THE tangled mess that the Philippine government had to handle over the killing of a Taiwanese fisherman should prompt Manila to review its One China Policy, which prevents the country from negotiating with Taiwan on a diplomatic and political level, two senior government officials said on Tuesday.

    The sources, who hold senior positions in the government, said the Philippines should review its “interpretation and implementation” of the One China Policy.

    Under the policy, those seeking relations with mainland China must break ties with Taiwan and vice-versa. Those who recognize mainland China as the sole representative of the two governments must also severe diplomatic ties with Taipei, which the mainland considers a renegade island.

    Taiwan is not a member of the United Nations since the international community recognizes the mainland over Taipei.

    The sources said that the One China Policy “can be interpreted better.”

    A study group composed of members of the House of Representatives and the Department of Foreign Affairs (DFA) said in a report that Association of Southeast Asian Nations (Asean) members like Singapore, Thailand and Vietnam have “astutely deepened and expanded their relations” with Taiwan “without China’s objections.”

    The sources said there is a “more correct interpretation” of the policy. They pointed out that the Philippines has twice been in trouble because of its interpretation of the One China Policy.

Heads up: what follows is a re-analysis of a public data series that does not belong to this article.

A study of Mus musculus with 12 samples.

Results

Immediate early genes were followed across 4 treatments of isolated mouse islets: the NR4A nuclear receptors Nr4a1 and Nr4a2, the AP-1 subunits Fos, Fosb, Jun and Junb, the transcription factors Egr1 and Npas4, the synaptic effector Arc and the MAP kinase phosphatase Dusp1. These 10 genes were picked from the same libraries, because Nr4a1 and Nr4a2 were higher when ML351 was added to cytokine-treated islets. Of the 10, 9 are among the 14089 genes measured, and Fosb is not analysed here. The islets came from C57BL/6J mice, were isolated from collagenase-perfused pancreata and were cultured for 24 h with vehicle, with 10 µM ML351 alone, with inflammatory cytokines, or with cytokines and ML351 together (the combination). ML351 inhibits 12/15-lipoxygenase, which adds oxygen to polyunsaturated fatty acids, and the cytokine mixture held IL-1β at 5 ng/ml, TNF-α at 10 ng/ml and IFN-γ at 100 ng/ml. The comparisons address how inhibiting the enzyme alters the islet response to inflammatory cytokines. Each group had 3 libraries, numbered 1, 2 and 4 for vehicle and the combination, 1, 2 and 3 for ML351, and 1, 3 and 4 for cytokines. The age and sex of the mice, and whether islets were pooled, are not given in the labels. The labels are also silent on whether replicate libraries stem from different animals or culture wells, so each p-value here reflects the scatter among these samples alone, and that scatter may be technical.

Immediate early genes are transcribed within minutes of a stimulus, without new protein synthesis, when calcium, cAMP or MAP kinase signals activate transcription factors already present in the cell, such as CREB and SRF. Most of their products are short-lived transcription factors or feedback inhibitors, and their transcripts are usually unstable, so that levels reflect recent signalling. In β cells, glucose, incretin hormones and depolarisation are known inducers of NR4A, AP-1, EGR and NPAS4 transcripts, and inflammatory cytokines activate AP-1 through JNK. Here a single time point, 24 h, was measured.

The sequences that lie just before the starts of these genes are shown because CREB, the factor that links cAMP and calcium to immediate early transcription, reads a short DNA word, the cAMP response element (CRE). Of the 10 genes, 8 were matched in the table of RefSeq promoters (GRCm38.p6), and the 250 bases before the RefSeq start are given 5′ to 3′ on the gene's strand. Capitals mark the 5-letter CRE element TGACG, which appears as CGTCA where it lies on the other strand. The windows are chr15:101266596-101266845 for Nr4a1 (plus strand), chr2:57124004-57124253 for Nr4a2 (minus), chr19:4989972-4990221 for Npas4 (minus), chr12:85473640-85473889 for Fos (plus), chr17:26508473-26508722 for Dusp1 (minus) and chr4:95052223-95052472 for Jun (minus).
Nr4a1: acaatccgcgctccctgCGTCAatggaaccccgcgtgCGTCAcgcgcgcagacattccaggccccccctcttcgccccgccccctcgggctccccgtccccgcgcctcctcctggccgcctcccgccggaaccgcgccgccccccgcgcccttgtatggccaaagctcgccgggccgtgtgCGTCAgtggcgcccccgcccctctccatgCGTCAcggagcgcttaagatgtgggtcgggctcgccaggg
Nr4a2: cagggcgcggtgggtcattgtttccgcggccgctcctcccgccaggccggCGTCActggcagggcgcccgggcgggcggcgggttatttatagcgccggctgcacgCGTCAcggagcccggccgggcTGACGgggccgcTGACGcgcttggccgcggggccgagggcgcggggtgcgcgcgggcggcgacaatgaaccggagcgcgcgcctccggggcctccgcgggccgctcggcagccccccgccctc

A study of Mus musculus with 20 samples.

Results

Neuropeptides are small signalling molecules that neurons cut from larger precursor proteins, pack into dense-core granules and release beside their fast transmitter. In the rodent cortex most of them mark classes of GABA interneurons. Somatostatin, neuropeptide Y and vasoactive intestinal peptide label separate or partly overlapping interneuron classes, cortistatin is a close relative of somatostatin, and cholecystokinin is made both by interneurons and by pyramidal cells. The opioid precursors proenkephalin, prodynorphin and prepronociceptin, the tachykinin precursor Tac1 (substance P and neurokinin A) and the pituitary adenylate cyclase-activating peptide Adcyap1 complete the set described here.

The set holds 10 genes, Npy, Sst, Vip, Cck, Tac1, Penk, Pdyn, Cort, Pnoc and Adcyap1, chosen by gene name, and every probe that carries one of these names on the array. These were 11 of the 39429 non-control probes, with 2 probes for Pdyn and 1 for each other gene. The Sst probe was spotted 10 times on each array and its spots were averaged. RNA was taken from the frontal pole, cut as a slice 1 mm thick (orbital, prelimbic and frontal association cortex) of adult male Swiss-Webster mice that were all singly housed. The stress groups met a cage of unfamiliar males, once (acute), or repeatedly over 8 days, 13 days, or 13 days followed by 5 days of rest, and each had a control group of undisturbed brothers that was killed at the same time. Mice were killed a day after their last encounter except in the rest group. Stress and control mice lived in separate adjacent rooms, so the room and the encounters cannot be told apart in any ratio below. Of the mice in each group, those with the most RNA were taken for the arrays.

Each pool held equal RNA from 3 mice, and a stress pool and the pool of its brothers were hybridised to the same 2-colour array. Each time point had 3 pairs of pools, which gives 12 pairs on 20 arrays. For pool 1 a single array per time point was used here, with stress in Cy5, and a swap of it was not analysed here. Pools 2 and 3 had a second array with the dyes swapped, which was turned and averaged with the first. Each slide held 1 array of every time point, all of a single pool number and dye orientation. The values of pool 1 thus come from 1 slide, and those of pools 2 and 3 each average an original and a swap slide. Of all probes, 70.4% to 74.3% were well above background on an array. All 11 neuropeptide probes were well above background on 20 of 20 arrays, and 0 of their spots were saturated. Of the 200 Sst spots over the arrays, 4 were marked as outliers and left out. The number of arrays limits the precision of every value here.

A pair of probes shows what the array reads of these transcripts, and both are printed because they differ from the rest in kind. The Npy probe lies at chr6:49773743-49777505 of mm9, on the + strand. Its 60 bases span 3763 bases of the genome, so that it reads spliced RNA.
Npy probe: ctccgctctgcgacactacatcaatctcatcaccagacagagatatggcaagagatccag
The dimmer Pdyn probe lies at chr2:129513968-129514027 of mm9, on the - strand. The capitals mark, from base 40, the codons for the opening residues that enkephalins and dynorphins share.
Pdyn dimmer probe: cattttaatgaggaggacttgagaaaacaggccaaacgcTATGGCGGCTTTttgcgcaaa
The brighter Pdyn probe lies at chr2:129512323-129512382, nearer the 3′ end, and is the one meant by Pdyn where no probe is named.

In 2011, the Philippine government deported 14 Taiwanese to the mainland because of the policy. Recently, the government also refused to reach out to the Taiwanese government through diplomatic and political channels because of the same policy, putting in jeopardy the negotiations and investigation regarding the killing of a 65-year-old Taiwanese fisherman by members of the Philippine Coast Guard (PCG).

    The Philippines and Taiwan communicate through their de facto-government offices—the Manila Economic and Cultural Office (MECO) and the Taipei Economic and Cultural Office (TECO). MECO, however, does not operate under the Foreign Affairs department.

    Because of the One China Policy, high-ranking government officials also cannot visit Taiwan. The prohibition applies to the President, Vice President, Secretary of Foreign Affairs and of the Department of National Defense.

    However, the study group said mid-level DFA career foreign service officers should be posted at the MECO in Taipei. The sources said having career foreign service officials in Taiwan will give the Philippines a better understanding of the island especially during crisis.